Mansfield Board of Education continues to discuss renovation possibilities

Lyman said she will also present a summary of completed facilities work. Until then, Lyman said she is focused on and optimistic about the locker room renovations. (Jon Sammis/The Daily Campus)

Upcoming renovations to the Mansfield Middle School locker rooms will continue what could be a number of updates to Mansfield Public Schools.

The Mansfield Public Schools Board of Education held its first workshop Oct. 10 to discuss facilities renovations, Board of Education Chair Kathy Ward said at the board’s meeting Thursday night. Dr. Isobel Stevenson from the CT Center for School Change led the workshop, Ward said.

“We addressed the need to discuss both long-range needs and short-term needs due to budget and enrollment,” Ward said. “We identified our priorities relative to facilities planning.”

Ward outlined the priorities, which include maintaining the current depth of programming, continuing to advance work that supports 21st century learning, being fiscally responsible, supporting teachers and being open regarding class sizes.

At the November board meeting, Mansfield Public Schools Superintendent Kelly Lyman will provide information regarding the costs of maintaining each school, scenarios to consolidate the number of Mansfield elementary schools and the costs of programs, Ward said.

Lyman said she will also present a summary of completed facilities work. Until then, Lyman said she is focused on and optimistic about the locker room renovations.

“We are very much looking forward to renovating those locker rooms and getting nice, new and fresh things in there,” Lyman said.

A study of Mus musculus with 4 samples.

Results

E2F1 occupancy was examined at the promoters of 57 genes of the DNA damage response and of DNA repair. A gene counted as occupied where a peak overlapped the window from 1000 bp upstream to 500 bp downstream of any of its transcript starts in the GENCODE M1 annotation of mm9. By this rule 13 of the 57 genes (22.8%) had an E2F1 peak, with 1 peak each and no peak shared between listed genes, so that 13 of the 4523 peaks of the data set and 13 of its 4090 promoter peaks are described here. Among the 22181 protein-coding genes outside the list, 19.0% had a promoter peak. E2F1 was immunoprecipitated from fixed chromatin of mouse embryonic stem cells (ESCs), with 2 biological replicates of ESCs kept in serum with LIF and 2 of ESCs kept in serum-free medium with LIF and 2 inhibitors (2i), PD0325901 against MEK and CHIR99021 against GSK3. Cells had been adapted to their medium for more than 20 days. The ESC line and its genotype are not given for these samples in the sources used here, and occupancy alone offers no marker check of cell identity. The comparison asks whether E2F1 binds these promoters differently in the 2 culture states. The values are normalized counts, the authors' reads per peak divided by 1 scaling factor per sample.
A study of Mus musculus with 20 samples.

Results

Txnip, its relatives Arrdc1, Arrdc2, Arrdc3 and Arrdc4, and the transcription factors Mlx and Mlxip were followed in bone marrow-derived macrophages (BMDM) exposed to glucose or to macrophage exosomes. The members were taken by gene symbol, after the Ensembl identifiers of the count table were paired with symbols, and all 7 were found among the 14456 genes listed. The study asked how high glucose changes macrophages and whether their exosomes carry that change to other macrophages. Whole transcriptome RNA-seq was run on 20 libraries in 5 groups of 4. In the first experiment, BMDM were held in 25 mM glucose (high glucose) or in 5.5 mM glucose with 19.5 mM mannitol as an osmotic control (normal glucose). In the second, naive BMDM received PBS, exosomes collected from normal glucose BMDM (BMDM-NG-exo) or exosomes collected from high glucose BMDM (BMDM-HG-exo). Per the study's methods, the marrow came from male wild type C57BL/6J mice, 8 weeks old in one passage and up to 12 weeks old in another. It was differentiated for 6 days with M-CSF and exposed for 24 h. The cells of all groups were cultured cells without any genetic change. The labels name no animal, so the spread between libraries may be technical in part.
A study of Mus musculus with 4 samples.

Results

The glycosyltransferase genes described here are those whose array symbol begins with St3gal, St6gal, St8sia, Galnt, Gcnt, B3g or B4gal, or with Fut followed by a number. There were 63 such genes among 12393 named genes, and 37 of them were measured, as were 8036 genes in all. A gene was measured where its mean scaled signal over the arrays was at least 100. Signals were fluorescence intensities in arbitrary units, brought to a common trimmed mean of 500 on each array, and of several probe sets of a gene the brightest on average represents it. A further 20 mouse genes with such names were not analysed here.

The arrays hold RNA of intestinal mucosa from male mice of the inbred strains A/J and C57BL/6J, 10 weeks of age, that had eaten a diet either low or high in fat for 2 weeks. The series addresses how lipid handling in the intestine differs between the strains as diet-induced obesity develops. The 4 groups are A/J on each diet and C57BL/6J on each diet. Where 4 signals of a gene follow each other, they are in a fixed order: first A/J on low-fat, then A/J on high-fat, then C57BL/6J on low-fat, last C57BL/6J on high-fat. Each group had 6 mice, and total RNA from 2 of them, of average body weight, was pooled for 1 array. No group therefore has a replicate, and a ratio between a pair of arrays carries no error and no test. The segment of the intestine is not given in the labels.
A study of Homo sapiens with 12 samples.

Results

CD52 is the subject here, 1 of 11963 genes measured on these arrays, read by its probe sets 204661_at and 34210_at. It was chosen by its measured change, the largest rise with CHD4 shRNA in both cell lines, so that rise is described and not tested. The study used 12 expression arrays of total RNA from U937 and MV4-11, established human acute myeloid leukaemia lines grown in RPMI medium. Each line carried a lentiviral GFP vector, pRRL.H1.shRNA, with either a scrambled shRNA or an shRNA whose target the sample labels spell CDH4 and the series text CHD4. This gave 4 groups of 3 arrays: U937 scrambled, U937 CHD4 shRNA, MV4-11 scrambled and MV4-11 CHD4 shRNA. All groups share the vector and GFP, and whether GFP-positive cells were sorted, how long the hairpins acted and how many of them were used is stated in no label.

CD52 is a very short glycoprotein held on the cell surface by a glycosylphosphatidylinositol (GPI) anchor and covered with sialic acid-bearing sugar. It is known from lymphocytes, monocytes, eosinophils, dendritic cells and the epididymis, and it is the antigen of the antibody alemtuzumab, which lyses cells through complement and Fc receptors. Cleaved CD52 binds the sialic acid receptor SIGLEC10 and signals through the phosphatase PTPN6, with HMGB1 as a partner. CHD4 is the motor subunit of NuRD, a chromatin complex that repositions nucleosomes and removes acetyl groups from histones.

The board also scheduled a second workshop for Dec. 14 that will focus on longer-range plans. Ward said no plans are yet definite.

“I would like to be very clear, the board has not made any decisions regarding facilities as of yet,” Ward said. “We need to review all of the requests and information before any decisions are made.”

Ward said the determining factors in which renovation plans go through will primarily be the state budget and enrollment.

According to a Wall Street Journal article, Connecticut’s largest teacher union filed a lawsuit against the state Wednesday, calling for an injunction on $500 million in education spending cuts. The cuts result from Connecticut’s current budget deadlock.

Data shows that enrollment at Mansfield Public Schools consistently declined in past years. Specifically, enrollment dropped by 76 students, from 1227 in 2016 to 1151 in 2017.

Lyman said the enrollment decline is of no concern.


John Lavenburg is a campus correspondent for The Daily Campus. He can be reached via email at john.lavenburg@uconn.edu.